Nasa is about to launch a new spacecraft on a daring mission that will take it closer to the Sun than any human-made object has ever been. Scientists from QMUL’s School of Physics and Astronomy are members of the team that will analyse the data collected.

9 August 2018


The Parker Solar Probe is set to launch on or about 11 August from Cape Canaveral in Florida. It will spend 7 years observing the Sun, in particular the hot outer region known as the corona, and the stream of high-energy particles known as the solar wind. To do this it will get about 7 times closer to the Sun than any spacecraft has gone before — at its closest approach it will be within 9 solar radii of the Sun, about 4% of the distance between the Sun and Earth.

QMUL's Prof. David Burgess and Dr Chris Chen are members of the FIELDS team — FIELDS is a suite of electric and magnetic field instruments to measure the properties of the solar corona and the solar wind. Chris Chen was involved in the design of the FIELDS instrument suite from a science perspective, but his and David Burgess’s main role will be in the analysis of the data sent back by the spacecraft.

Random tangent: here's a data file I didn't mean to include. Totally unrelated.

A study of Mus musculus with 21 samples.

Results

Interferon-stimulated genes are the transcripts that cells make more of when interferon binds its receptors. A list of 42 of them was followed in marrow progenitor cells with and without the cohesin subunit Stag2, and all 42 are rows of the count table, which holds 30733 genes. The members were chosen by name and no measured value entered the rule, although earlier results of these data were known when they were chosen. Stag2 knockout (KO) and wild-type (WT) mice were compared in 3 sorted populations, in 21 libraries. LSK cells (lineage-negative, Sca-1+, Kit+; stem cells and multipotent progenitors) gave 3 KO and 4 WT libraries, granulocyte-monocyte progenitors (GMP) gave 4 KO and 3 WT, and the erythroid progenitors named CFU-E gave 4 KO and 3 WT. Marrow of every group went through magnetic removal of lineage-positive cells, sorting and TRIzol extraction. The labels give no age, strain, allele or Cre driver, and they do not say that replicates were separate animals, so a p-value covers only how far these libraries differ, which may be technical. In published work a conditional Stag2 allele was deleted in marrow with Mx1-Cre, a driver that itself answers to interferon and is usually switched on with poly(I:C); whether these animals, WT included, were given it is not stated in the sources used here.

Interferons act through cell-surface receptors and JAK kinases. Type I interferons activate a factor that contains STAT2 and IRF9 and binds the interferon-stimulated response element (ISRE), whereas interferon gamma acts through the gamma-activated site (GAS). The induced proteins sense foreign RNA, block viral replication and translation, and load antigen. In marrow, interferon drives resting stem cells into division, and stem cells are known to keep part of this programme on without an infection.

The mission aims to answer some questions that are key to our understanding of the Sun: how is the solar corona heated to millions of degrees (hundreds of times hotter than the solar surface); how is the solar wind accelerated to such high speeds (more than a million miles per hour); how does the Sun produce the highly energetic particles that fill the solar system; how do processes originating at the Sun affect the space weather in the vicinity of the Earth?

The Parker Solar Probe carries four instrument suites: FIELDS (measuring electric & magnetic fields, plasma waves and radio emission); SWEAP (measuring solar wind properties such as speed, density and temperature); ISOIS (measuring solar energetic particles); and WISPR (taking white light images of the solar corona and solar wind). On its Sun-facing side is a 12-cm-thick heat shield that will protect the spacecraft and instruments from the solar radiation (which will be 500 times greater than at the Earth) and keep them close to room temperature.

The spacecraft is named after Eugene Parker, who made numerous contributions to space plasma physics, notably predicting the existence of the solar wind in a seminal paper in 1958. The mission is managed by the NASA Goddard Space Flight Center and implemented by John Hopkins Applied Physics Laboratory, together with an international team of scientists and engineers from more than 40 institutions. Further information can be found the mission website.